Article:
NATURAL GAS REMAINS the preferred energy choice of homeowners and businesses across the Commonwealth. It is the most affordable, reliable, and flexible energy choice, and it has played an important role in meeting our region’s aggressive carbon reduction goals. Especially at this time of economic uncertainty, it remains the most economical and stable option that helps keep energy bills low.
Councilor Emily Norton of Newton recently made a case for phasing out natural gas growth in Massachusetts. But the demand for natural gas remains strong in Massachusetts and New England, and for many good reasons.
As we work together to address climate change in New England, natural gas has been the key driver of a cleaner, cheaper and more efficient power fleet in the region, displacing traditional baseload coal and oil-fired plants. As a result, our region has seen a 50 percent reduction in wholesale electric pricing compared to 2008 prices and achieved a reduction of 80 million tons of carbon dioxide emissions from 2001 to 2018.
It’s no wonder that natural gas is the leading residential heating choice in the state. Not only is it playing an important role in meeting our aggressive carbon reduction goals, it is less expensive than the alternatives – heating oil, propane, and electricity. More than half (52 percent) of all Massachusetts homes now use natural gas as their primary heating source. (This compares to 25 percent for heating oil and 17 percent for electricity.) For low-income residents, for people on fixed incomes, for businesses trying to manage and keep the doors open in challenging times, and for everyone else, natural gas is clearly the most affordable option.
For the commercial sector and universities, natural gas also remains in high demand. Three of the largest universities in the Boston area have recently upgraded or added new central energy plants, using efficient combined heat and power technology, primarily fueled by natural gas. These entities are certainly all committed to increasing the use of renewables as well, but natural gas is the prime mover for these new facilities because it is the most suitable and effective energy source.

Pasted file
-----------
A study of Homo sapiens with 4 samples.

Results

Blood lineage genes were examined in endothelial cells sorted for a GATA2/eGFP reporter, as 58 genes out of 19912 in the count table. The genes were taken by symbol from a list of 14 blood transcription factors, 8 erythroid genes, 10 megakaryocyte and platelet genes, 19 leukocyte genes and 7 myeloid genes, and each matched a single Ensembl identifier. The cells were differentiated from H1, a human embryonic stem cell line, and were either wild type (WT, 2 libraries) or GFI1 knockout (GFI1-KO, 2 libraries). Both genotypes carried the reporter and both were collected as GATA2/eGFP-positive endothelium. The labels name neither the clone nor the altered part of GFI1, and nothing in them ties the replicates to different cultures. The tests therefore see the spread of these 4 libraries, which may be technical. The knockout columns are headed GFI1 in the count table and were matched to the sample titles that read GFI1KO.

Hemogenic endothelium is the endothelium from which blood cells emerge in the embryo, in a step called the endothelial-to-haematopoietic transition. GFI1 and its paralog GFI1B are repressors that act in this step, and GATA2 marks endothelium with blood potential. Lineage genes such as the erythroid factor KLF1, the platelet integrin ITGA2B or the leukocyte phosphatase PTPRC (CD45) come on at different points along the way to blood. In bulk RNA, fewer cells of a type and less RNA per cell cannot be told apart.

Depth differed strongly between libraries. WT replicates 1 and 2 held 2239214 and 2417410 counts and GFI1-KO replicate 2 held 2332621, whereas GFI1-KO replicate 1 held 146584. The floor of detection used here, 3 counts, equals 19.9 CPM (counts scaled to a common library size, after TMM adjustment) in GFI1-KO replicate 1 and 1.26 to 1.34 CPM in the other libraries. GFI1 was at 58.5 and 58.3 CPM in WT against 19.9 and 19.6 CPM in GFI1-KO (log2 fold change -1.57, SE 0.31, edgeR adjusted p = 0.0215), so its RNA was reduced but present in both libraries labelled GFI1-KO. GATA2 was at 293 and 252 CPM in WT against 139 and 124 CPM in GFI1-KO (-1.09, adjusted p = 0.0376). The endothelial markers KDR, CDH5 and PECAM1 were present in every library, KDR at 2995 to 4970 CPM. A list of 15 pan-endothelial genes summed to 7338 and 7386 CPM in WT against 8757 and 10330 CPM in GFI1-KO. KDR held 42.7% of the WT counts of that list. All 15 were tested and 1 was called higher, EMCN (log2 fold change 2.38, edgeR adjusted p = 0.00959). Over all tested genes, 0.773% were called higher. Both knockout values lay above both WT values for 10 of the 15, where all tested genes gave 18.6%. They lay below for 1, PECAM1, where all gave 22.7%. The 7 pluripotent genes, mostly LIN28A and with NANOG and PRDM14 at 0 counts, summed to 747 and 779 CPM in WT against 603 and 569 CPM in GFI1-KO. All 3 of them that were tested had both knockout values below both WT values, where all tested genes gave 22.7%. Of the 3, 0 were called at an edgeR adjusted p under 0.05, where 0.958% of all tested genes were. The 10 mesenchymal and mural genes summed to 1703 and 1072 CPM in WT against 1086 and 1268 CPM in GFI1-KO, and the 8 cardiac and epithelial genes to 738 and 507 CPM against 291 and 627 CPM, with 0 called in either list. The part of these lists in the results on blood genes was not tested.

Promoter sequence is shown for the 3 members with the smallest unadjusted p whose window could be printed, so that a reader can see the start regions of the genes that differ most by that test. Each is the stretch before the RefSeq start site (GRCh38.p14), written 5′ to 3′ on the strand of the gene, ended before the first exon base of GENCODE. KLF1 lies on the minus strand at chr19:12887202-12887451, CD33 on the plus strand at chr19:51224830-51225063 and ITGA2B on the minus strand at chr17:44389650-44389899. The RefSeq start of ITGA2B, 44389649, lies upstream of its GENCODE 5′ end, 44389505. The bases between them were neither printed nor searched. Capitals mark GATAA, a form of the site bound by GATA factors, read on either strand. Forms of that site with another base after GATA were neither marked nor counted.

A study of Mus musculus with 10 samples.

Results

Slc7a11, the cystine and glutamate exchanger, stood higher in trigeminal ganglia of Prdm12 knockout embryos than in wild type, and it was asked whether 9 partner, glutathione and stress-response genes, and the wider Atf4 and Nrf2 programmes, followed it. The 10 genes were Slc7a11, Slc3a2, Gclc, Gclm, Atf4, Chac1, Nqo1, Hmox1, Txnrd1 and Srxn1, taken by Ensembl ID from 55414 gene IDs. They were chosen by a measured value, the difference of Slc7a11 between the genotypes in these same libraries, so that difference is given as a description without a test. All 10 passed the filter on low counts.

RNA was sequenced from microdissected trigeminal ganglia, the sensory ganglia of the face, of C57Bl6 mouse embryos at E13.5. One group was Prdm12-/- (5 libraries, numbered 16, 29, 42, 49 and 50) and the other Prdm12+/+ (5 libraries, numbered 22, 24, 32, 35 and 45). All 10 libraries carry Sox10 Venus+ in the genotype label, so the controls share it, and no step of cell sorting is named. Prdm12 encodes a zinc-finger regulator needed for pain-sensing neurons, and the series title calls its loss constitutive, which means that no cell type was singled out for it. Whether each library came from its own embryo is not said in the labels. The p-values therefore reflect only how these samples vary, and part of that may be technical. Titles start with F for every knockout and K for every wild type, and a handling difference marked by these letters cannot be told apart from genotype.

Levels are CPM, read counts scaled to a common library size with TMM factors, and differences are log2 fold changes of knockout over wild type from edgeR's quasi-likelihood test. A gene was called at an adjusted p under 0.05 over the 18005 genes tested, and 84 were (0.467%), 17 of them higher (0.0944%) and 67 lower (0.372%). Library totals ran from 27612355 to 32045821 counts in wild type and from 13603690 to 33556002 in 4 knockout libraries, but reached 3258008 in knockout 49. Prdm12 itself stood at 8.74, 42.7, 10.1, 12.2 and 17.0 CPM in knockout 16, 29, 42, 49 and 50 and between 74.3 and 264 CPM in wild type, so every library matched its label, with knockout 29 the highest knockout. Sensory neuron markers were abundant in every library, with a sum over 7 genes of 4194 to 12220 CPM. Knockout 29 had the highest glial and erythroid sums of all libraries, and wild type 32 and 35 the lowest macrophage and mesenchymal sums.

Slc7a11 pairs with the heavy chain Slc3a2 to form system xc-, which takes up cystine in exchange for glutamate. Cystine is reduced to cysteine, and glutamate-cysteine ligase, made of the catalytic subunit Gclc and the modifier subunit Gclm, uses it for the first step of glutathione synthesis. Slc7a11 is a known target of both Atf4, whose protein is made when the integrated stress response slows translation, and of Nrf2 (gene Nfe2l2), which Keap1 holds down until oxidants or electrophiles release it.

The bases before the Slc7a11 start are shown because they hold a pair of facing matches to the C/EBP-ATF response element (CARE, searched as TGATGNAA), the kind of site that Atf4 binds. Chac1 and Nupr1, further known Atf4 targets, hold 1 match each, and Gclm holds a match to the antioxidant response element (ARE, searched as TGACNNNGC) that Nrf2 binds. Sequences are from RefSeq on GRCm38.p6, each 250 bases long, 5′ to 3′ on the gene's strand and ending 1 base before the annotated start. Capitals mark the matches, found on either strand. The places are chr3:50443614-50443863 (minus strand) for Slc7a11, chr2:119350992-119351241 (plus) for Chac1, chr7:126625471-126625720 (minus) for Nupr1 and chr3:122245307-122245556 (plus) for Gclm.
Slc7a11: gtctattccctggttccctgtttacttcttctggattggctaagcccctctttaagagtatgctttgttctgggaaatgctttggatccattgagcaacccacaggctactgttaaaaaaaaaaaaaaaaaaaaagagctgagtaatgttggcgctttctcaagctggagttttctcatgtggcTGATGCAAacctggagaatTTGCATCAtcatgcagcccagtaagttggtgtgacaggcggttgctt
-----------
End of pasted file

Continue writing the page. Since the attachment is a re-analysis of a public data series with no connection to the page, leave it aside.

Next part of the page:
For the power generation market, natural gas has been the leading fuel source for many years – and the use of natural gas is actually projected to grow more in coming years. In 2018-19, Massachusetts gained three new gas power units (in Salem, West Medway and Sandwich), totaling over 1,200 megawatts, helping to maintain capacity at a time when the Pilgrim nuclear and Brayton Point coal plants have been retired. New offshore wind facilities are coming, and hydropower from Quebec is also in the proposal stage. But these resources are still several years away. And even when they arrive, natural gas will remain essential to power grid reliability, functionality, and daily operations.
Further decarbonizing the natural gas system to the greatest extent possible is one of the industry’s primary goals. Our association’s member utilities are working with their communities on actions to reduce carbon emissions, including energy efficiency, developing proposals for renewable natural gas, and replacing older pipe. Massachusetts accounts for less than 2 percent of all US natural gas deliveries by volume, but we invest 18 percent of all gas efficiency program dollars in the nation. These leading investments help manage demand.
While customer growth on the gas system has occurred, methane emissions attributed to natural gas systems have continued to go down – reduced by 67 percent over the last 25 years, according to the Massachusetts Department of Environmental Protection. Natural gas, by replacing other fuels in power generation and home heating, has been a key contributor to improving the state’s clean air position. The central reason that the state is even close to achieving its 2020 targets for the Global Warming Solutions Act is natural gas.
Natural gas expansion projects are designed to meet customer demand and must go through rigorous and lengthy regulatory and siting reviews (as do renewable energy projects, which also face delays and challenges). The demand for gas remains strong – in fact, we have several communities in this state whose demand has exceeded their local delivery capacity, resulting in several local moratoria on new connections.
Natural gas will be here to sustain and balance the energy system as the use of renewables increases. That is fortunate for the citizens, economy, and environment of Massachusetts.
Tom Kiley is president and CEO of the Northeast Gas Association, based in Needham.